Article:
Legislature approves two justice reform measures, draws praise from group


The Legislature approved HB 126, sponsored by Chairman C. Ed Massey, which raises Kentucky’s felony theft threshold to the national median of states at $1,000.


Kentucky’s felony theft threshold has failed to keep pace with inflation and modernization of the criminal legal system, remaining unchanged since 2009.

“This is an important step that reform advocates have been working on for many years,” said Kate Shanks, vice president of public affairs for the Kentucky Chamber of Commerce on behalf of the Kentucky Smart on Crime Coalition.

“It is important Kentucky is not focusing an inordinate amount of our corrections budget on low-level offenders.  With the seventh-highest incarceration rate in the nation, it is wise to look to other states that have improved their justice systems and at the same time enhanced public safety. Our threshold will now match neighbors like West Virginia, Virginia, Tennessee, Missouri and Ohio, though it will be lower than some states like Texas, which is set at $2,500.

Felony charges make it very difficult for Kentuckians to make a new start after time served.  The Kentucky Chamber is committed to ensuring the state is providing better pathways to be productive citizens,” continued Shanks.

The Legislature also approved HB 497, sponsored by Rep. Kim Moser of Taylor Mill, to remove barriers to reentry for those exiting the corrections system.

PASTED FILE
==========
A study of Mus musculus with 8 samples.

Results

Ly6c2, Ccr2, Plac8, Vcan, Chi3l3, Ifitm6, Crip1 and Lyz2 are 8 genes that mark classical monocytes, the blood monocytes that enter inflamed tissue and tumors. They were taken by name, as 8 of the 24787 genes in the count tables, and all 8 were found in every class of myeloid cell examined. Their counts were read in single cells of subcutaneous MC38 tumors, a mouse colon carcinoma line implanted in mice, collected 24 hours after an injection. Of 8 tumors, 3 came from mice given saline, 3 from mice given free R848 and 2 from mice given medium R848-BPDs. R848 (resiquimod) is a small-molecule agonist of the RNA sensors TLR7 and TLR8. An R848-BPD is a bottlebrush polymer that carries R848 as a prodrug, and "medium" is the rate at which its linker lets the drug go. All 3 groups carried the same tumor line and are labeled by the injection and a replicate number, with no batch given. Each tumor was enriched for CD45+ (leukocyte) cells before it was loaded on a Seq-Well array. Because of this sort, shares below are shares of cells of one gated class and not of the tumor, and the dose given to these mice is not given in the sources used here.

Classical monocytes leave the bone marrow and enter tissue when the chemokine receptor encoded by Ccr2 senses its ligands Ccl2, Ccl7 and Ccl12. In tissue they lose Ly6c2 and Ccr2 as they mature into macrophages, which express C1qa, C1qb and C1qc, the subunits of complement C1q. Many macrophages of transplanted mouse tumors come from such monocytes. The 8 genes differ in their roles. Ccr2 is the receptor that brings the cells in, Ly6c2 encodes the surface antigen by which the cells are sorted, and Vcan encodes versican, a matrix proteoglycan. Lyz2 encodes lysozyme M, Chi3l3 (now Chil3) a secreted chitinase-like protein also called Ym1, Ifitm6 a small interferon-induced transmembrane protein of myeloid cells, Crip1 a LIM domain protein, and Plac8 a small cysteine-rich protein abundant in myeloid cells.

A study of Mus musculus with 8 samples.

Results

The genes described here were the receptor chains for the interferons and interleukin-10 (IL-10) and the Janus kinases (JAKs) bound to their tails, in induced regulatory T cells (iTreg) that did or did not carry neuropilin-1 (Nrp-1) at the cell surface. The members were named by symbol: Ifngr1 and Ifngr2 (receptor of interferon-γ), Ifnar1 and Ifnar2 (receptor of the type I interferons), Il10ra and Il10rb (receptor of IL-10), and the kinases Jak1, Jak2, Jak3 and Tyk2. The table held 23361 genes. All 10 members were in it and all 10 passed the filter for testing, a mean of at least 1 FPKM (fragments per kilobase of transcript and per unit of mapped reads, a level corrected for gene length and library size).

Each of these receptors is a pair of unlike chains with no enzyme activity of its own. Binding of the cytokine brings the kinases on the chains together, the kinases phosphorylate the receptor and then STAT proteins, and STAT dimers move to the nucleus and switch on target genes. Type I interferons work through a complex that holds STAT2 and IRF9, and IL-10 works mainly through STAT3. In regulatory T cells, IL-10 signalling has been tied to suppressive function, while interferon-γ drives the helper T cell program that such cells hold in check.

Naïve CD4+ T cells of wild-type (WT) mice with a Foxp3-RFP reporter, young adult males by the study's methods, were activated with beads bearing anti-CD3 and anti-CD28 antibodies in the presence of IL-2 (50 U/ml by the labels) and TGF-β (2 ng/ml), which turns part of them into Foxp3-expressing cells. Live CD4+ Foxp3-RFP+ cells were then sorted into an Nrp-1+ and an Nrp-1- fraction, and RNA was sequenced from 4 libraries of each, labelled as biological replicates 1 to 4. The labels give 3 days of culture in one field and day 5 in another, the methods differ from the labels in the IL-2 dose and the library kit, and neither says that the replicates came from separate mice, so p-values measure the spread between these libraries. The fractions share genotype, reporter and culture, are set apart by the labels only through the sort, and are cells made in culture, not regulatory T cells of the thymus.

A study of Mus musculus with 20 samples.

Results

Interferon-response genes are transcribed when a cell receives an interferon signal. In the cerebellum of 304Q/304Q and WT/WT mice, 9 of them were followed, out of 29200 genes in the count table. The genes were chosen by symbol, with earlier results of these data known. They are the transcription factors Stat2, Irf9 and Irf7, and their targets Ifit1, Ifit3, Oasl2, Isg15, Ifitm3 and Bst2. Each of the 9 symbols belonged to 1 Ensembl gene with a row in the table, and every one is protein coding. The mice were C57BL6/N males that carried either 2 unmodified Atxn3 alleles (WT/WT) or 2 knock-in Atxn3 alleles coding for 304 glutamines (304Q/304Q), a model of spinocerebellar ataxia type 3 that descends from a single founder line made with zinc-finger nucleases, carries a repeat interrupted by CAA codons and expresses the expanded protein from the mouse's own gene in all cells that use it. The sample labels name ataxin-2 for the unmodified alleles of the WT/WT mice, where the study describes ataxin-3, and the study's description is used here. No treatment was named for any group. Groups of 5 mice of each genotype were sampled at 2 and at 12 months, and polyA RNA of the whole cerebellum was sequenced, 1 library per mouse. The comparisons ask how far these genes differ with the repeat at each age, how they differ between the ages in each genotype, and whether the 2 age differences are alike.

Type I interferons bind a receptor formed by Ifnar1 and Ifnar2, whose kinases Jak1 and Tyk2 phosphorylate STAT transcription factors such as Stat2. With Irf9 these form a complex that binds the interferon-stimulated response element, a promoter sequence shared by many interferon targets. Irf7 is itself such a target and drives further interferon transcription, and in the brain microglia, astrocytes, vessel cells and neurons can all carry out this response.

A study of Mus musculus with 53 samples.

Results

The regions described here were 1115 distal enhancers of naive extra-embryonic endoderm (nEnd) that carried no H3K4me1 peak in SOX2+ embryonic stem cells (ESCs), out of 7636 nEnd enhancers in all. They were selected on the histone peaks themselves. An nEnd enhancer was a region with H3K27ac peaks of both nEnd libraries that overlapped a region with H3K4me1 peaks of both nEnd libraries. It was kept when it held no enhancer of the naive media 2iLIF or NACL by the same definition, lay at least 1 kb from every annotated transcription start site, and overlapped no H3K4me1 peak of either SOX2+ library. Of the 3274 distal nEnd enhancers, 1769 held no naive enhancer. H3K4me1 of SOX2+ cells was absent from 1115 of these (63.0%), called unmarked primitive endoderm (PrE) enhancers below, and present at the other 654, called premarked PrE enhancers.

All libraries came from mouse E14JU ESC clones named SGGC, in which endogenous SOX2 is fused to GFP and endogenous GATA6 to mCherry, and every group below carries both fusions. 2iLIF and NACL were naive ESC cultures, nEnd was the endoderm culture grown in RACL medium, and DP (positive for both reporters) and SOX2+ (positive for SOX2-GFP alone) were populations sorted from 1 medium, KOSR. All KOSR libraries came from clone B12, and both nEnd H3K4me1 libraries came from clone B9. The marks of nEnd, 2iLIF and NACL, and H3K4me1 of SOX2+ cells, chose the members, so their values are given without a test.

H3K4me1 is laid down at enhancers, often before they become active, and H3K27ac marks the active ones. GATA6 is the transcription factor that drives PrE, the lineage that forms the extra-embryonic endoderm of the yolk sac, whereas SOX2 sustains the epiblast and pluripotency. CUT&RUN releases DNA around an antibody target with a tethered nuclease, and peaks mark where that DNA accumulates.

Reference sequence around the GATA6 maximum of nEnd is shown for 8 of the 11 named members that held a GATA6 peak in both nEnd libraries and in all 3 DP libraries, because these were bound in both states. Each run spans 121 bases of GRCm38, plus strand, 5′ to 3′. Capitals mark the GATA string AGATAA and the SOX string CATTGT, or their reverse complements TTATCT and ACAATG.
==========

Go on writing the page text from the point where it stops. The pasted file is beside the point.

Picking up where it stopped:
HB 497 tasks the Kentucky Department of Corrections with issuing certificates of employability to those who successfully complete programs while in incarceration. In addition, it incentivizes employers by providing liability protections.

The bill further encourages other important reentry supports such as IDs and better access to health care for people leaving incarceration.

“Kentucky is making important strides on reentry,” said Amanda Hall, policy strategist for the ACLU of Kentucky on behalf of the Kentucky Smart on Crime Coalition.

“For years we have been plagued by a recidivism rate hovering around 40%.  That is simply unacceptable and it is clear legislators are coming around to the idea that we have to be positioning those who are leaving the system for success or we will continue to have a revolving door.  Providing these basic tools allows for better employability. Rep. Moser does a tremendous job of educating her colleagues on criminal justice issues,” continued Hall.